Jackson with one of his instructors at space camp.

Jackson Curro, at age 15, already knows what he wants to do with his life — he wants to be a space explorer. 

Curro first thought about becoming an astronaut when he was just 2 years old, says his mother, Angela Curro. Her son saw the movie, “Toy Story,” and was obsessed with Buzz Lightyear.

“He’s never really veered from it,” says Angela, the Assistant County Clerk for San Benito County. “It’s always been space.” 

Curro’s fascination with Buzz Lightyear has turned into a bona fide career goal for the young man, who will be a freshman at Monte Vista Christian School in Watsonville in September. While Curro says that his school does have great technology resources, he also feeds his space passion with other outlets.

Curro has spent the past two summers going to camps hosted by the U.S. Space and Rocket Center in Huntsville, Alabama. The camp hosts hundreds of students aged 9 to 18 every summer. It also offers adult programs. 

In 2016, Curro attended the Aviation Challenge camp, where, according to the website, “trainees are immersed in the fascinating realms of flight while learning about the basics of the military lifestyle.” 

This past June, Curro returned to Alabama for Advanced Space Academy, where participants explore “college and career preparation” while experiencing “a variety of astronaut training exercises, engineering challenges, and team building activities.”

The camp culminates in simulated space missions. Curro participated in a three-hour Mars simulation that required his team to simulate various components of a NASA Mars mission, including mission control, shuttle orbiters and Mars landers. Curro was part of a team stationed on Phobos, Mars’ closest moon. 

Curro calls the entire experience “exhilarating.” He acted as one of the engineers on the mission and had to wear a space suit and ice vests to keep him cool in the hot, heavy gear. He was then hoisted up in a harness, to help simulate zero gravity.

While the Mars simulation was fun, Curro said he isn’t very interested in actually traveling to Mars. He says it’s “way too far” of a trip for his comfort, but he would like to “go to the moon, build a colony on it,” and “be there for awhile.” Curro thinks the moon could be used as a staging ground for other space travelers on their way to further parts of the solar system. The moon, he says, could also become an important mining center for Helium 3, an element some scientists think could be used to produce clean energy.

The Mars simulation at Advanced Space Camp also introduced a surprise emergency medical failure, which the team addressed as if it were happening in real time. Almost all camp activities require a large amount of teamwork from the group of about 15 students. Curro knows that teamwork is a major factor in any NASA mission, and also understands the incredible toll being an astronaut can take on the body and mind.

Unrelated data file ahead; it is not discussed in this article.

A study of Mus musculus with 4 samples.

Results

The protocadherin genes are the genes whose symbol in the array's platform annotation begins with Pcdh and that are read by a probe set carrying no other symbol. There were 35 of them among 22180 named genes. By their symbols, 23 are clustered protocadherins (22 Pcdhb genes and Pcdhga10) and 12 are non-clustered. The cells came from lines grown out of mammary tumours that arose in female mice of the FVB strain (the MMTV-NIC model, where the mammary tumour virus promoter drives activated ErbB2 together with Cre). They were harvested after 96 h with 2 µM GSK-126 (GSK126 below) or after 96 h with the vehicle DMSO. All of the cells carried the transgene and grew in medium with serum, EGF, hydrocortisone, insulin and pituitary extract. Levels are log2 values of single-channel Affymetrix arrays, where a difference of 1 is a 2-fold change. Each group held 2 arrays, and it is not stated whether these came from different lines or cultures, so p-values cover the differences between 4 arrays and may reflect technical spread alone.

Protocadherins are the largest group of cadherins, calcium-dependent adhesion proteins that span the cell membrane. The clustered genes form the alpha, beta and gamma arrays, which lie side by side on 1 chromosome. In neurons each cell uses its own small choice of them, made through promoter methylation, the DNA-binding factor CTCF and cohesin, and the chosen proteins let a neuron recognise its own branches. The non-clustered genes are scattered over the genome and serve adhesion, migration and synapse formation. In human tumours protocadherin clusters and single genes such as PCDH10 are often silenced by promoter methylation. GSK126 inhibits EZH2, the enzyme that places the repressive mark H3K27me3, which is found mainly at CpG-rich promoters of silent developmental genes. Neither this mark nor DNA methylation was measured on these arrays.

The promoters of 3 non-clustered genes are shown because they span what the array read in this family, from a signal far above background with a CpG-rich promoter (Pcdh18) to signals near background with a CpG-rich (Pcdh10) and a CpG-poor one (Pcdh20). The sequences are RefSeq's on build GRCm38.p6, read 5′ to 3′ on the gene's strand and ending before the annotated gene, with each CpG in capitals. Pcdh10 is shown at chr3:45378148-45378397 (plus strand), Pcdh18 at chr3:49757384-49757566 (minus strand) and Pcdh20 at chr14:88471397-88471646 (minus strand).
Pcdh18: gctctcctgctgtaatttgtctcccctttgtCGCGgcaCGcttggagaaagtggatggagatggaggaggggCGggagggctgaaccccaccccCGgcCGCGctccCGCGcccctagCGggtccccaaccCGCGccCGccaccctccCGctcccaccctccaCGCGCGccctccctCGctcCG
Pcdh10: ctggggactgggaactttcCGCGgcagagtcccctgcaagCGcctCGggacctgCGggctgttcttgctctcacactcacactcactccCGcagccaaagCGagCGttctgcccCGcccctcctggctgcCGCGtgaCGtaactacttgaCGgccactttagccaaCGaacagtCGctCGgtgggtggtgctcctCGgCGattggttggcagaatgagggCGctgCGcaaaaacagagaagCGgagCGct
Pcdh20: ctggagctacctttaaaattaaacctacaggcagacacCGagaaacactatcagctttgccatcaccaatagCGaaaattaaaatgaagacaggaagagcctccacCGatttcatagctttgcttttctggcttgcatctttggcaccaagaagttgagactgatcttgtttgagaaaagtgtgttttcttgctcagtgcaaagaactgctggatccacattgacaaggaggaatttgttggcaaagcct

“You can get scared of many things…there’s the vacuum,” Curro acknowledges, “but you’d have to get used to that. I get scared of things.” Then Curro adds with a laugh, “I inherited my fear of falling from my mother!”

Angela is quick to add that her son is “much better than [she is]… because he tries to conquer his fears.”

Of course, these are just simulations. But Curro has tangible goals in mind. First, he says that he “wants to be a pilot… and it looks like I will have to be an engineer.”

“People need pilots,” he says, “especially NASA.”

To become a pilot and then an astronaut, Curro knows that he also needs to stay physically fit and do well in his high school classes. Ultimately, Curro wants to attend the Air Force Academy, a military college that requires an invitation to apply, then a rigorous admission process before candidates are nominated for attendance. “It’s a very challenging process,” says Curro’s mother.

Curro also adds that he is “currently doing online classes for civilian piloting,” which should improve his chances. His school is also aware of his long-term goals.

Curro also needs to spend the next few years of study deciding what area of science he wants to research. Ideally, that subject would be something useful for space travel. Subjects can be wide-ranging, from geology to engineering. The Curro family knows NASA volunteers who are agriculture specialists, studying how to grow plants in space.

“You have to come with some skill set that will benefit the space travel program,” says Angela, “and so that’s what Jackson has to focus in on.”

As a starting point, Jackson is interested in robotics. “It might be a good idea, because they are most likely going to send rovers and other drones that aren’t manned to build up a base on the moon.” 

No matter what happens in his future, Curro’s mother knows that her son will be successful and happy. 

“I couldn’t be prouder of him, and no matter what he becomes, no matter where life takes him, I know he is going to do the best he possibly can,” Angela says.